By  Yoke Wong

Reviewed by Vanessa Kintu

Fact checked by Paul Sorene

What is a one-time charge?

Want to learn how to interpret companies’ financial results and identify poor accounting practice and real earning potential? Companies could misuse one-time charges, which may make their financial health appear better than the reality and mislead investors. 

In corporate accounting, a one-time charge is a non-recurring item that occurs on an irregular basis during the company’s financial year.

Under the one-time charge definition, the charge must not be related to the company’s normal business operations and should be an isolated event arising from unexpected circumstances such as lawsuits, layoffs and asset sales. 

One-time charge example 

A one-time charge can be a cash charge against earnings. It can also be a non-cash charge, for example, the falling market value of a real estate property because of changes in consumer habits and business fundamentals related to economic downturn. 

Companies often write off any cost related to restructuring, which would be categorised as a one-time charge. 

Having a one-time charge means that the event should not recur, and would be unlikely to affect a company’s long-term performance and growth. As a result, financial analysts routinely exclude the effect of one-time charges in their evaluation of a company’s ongoing earnings potential.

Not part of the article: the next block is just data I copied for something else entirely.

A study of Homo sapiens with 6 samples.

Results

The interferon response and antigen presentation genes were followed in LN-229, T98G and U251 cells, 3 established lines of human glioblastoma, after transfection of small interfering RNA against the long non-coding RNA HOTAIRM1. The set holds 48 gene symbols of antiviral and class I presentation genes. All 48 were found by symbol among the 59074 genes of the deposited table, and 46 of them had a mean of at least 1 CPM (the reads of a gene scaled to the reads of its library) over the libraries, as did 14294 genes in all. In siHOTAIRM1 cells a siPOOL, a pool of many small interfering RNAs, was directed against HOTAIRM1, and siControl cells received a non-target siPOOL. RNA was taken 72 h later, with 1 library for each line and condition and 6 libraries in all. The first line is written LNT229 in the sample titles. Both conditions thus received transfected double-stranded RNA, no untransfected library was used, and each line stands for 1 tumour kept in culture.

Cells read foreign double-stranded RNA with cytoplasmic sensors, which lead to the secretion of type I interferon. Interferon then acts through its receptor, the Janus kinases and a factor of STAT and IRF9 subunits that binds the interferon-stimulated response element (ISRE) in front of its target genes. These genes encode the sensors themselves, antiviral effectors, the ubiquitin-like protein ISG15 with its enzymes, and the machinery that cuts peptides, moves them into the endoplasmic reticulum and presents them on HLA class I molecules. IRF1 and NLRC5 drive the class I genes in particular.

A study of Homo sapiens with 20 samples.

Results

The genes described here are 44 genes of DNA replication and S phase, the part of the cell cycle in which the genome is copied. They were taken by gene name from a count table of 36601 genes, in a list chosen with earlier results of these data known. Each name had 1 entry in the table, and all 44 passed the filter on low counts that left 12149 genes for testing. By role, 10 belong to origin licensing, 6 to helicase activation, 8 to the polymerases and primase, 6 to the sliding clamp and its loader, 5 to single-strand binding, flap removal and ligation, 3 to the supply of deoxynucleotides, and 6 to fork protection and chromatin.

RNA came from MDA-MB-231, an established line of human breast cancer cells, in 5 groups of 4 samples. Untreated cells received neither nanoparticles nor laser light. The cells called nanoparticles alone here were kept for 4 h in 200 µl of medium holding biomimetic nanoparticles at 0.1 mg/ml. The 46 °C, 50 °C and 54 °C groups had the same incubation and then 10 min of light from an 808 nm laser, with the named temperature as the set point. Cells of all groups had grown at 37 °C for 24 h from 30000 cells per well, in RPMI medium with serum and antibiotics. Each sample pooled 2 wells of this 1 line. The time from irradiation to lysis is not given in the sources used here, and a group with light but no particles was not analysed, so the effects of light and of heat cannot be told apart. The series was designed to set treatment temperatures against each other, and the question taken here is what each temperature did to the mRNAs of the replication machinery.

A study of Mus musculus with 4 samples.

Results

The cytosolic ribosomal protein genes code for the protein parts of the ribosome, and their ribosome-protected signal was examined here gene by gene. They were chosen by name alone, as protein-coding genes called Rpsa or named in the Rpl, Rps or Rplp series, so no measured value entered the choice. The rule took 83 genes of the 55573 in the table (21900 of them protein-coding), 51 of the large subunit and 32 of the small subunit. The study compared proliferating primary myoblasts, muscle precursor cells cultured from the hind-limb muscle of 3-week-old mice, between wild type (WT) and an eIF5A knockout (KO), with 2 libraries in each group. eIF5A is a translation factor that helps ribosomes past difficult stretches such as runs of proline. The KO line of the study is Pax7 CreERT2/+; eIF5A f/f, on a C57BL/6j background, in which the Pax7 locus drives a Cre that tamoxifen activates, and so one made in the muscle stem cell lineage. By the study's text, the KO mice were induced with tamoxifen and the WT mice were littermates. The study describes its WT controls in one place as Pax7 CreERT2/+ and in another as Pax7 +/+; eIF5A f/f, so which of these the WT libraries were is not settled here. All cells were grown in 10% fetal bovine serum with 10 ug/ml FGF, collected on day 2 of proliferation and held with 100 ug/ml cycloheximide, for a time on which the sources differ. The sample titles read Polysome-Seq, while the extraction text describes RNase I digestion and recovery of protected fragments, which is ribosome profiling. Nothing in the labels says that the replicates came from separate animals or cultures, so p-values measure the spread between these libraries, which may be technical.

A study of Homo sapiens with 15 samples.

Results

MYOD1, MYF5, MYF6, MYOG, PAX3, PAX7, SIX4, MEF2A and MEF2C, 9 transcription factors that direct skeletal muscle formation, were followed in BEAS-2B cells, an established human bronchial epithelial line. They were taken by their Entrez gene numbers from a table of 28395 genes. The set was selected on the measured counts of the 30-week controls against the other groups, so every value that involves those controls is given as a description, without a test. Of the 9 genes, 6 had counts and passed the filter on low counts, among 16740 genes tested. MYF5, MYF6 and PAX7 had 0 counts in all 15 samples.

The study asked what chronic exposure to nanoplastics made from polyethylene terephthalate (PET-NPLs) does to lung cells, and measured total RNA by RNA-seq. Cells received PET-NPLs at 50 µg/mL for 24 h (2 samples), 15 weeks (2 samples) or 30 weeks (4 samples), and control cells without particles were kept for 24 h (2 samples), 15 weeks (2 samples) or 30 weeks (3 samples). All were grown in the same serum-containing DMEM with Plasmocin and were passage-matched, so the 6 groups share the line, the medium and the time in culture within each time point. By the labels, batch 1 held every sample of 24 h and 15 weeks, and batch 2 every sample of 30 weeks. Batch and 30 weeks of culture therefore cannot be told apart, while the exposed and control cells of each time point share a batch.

According to finance training and certification provider the Corporate Financial Institute, it is important to identify and highlight a one-time charge in accounting, “because it can distort the financial picture and significantly change the results of important analyses like financial statement forecasting and valuation.”

When a company uses one-time charges repeatedly, it’s more likely that those items are regular costs of doing business. Such practice is a misuse of one-time charges and indicates poor management. 

Companies could misuse one-time charges by including an unusual gain as a regular item on the income statement, which boosts its earnings. For example, if an airline company earns large profits from its fuel hedging activity, it may decide to include such profits as part of their revenue, despite fuel hedging not being its core business.

Another way to misuse a one-time charge is by writing down assets or expenses for a set financial period to reduce a company’s earnings per share (EPS). This can inflate the price earnings ratio (P/E), a performance metric that gauges a company’s value.

Companies can also create a false one-time charge by aggregating most of their expenses in a set period, for example over a quarter. This could create a false impression that the company performance has improved from the previous quarter.